Tropical Storm Gaston strengthened over the North Atlantic early Wednesday, a day after becoming the seventh named storm of the 2022 hurricane season.
The storm was about 850 miles west of the Azores in the North Atlantic and posed no immediate threat to land, the National Hurricane Center said. As of 5 a.m. Eastern time, Gaston was moving northeast at about 16 miles per hour and had maximum sustained winds of 65 m.p.h.
Gaston could cause swells in the Azores later this week, which could generate life-threatening surf and rip-current conditions, the Hurricane Center said.
The Atlantic hurricane season, which runs from June through November, had a relatively quiet start, with only three named storms before Sept. 1 and none during August, the first time that had happened since 1997. Storm activity picked up in early September with Danielle and Earl, which formed within a day of each other.
Gaston is one of two storms currently in the Atlantic; the other, Fiona, strengthened into a Category 4 hurricane on Wednesday after battering parts of the Caribbean.
In early August, scientists at the National Oceanic and Atmospheric Administration issued an updated forecast for the rest of the season, which still called for an above-normal level of tropical storm activity. In it, they predicted the season — which runs through Nov. 30 — could see 14 to 20 named storms, with six to 10 turning into hurricanes that sustain winds of at least 74 miles per hour. Three to five of those could strengthen into what NOAA calls major hurricanes — Category 3 or stronger — with winds of at least 111 m.p.h.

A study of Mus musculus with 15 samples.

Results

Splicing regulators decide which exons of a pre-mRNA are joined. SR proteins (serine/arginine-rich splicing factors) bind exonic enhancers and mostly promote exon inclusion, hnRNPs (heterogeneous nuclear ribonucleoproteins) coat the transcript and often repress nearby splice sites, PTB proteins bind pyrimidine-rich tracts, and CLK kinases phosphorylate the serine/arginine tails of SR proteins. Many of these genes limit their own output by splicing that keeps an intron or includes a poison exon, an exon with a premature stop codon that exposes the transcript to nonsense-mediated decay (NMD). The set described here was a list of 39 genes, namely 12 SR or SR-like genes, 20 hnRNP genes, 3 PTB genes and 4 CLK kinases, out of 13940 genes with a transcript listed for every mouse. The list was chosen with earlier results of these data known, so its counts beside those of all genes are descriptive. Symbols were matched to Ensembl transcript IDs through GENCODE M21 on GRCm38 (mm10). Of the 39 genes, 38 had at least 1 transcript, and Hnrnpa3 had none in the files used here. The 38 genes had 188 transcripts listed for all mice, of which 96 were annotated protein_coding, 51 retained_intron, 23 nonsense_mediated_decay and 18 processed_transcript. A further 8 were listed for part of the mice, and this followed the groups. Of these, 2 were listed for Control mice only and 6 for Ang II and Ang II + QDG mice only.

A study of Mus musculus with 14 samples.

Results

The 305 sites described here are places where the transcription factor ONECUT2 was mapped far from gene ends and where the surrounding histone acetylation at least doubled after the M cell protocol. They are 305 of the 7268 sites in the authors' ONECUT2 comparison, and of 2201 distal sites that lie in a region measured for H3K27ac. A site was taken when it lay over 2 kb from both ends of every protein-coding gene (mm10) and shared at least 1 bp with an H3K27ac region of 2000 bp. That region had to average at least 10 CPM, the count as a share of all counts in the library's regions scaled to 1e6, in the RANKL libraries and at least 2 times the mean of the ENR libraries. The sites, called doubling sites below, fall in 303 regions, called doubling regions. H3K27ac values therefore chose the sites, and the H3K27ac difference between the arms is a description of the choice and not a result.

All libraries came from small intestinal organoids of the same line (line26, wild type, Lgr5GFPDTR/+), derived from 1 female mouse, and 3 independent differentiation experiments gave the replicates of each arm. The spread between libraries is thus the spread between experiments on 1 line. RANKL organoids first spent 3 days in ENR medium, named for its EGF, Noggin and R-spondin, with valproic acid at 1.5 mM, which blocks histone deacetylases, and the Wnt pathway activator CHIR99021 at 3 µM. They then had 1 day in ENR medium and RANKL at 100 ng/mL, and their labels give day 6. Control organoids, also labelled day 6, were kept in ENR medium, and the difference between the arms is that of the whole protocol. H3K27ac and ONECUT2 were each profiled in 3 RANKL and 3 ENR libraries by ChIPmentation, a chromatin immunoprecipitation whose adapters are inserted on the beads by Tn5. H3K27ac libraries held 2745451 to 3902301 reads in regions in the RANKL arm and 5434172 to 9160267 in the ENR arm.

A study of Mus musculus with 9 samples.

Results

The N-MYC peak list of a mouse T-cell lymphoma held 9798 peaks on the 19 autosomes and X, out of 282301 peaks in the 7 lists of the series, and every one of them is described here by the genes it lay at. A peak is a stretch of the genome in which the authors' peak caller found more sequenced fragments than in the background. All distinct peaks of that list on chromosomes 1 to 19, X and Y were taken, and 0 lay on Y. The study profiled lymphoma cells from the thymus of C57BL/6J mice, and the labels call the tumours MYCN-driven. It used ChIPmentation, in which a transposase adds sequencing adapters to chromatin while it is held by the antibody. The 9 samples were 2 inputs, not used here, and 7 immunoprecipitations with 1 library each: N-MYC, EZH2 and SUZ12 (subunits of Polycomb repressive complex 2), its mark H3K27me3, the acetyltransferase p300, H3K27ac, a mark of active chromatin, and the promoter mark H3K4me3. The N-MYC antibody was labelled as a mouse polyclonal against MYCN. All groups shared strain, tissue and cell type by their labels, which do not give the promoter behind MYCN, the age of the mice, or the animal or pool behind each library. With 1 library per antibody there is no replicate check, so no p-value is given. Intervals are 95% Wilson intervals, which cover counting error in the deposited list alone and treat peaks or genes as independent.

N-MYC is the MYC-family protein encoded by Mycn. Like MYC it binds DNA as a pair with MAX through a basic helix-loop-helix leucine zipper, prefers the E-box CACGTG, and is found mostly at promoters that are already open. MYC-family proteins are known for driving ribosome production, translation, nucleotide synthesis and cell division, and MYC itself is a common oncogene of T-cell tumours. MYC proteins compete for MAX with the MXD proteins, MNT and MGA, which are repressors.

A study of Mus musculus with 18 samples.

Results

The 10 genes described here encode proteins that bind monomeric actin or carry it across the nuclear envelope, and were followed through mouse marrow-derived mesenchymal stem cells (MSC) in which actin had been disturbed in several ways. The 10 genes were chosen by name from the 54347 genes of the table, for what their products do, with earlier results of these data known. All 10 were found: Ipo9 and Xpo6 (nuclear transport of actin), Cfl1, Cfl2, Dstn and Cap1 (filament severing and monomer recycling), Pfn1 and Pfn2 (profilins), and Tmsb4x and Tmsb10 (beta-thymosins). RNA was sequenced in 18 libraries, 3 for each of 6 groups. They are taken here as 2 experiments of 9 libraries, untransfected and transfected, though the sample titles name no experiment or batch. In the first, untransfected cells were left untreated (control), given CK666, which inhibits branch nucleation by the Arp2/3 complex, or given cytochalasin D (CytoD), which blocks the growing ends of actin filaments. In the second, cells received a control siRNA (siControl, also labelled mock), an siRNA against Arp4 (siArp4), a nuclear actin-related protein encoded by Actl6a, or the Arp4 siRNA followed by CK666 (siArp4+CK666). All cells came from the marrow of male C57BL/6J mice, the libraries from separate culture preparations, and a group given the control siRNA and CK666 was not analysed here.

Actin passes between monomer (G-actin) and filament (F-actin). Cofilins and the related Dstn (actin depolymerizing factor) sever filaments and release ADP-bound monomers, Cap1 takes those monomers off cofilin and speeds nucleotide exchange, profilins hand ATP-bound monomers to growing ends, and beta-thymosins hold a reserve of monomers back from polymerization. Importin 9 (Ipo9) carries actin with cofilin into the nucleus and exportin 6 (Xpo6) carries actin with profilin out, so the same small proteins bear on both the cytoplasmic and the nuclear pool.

Last year, there were 21 named storms, after a record-breaking 30 named storms in 2020. For the past two years, meteorologists have exhausted the list of names used to identify storms during the Atlantic hurricane season, an occurrence that has happened only one other time, in 2005.
The links between hurricanes and climate change have become clearer with each passing year. Data shows that hurricanes have become stronger worldwide during the past four decades. A warming planet can expect stronger hurricanes over time, and a higher incidence of the most powerful storms — though the overall number of storms could drop, because factors like stronger wind shear could keep weaker storms from forming.
Hurricanes are also becoming wetter because of more water vapor in the warmer atmosphere; scientists have suggested storms like Hurricane Harvey in 2017 produced far more rain than they would have without the human effects on climate. Also, rising sea levels are contributing to higher storm surge — the most destructive element of tropical cyclones.
Eduardo Medina and Chris Stanford contributed reporting.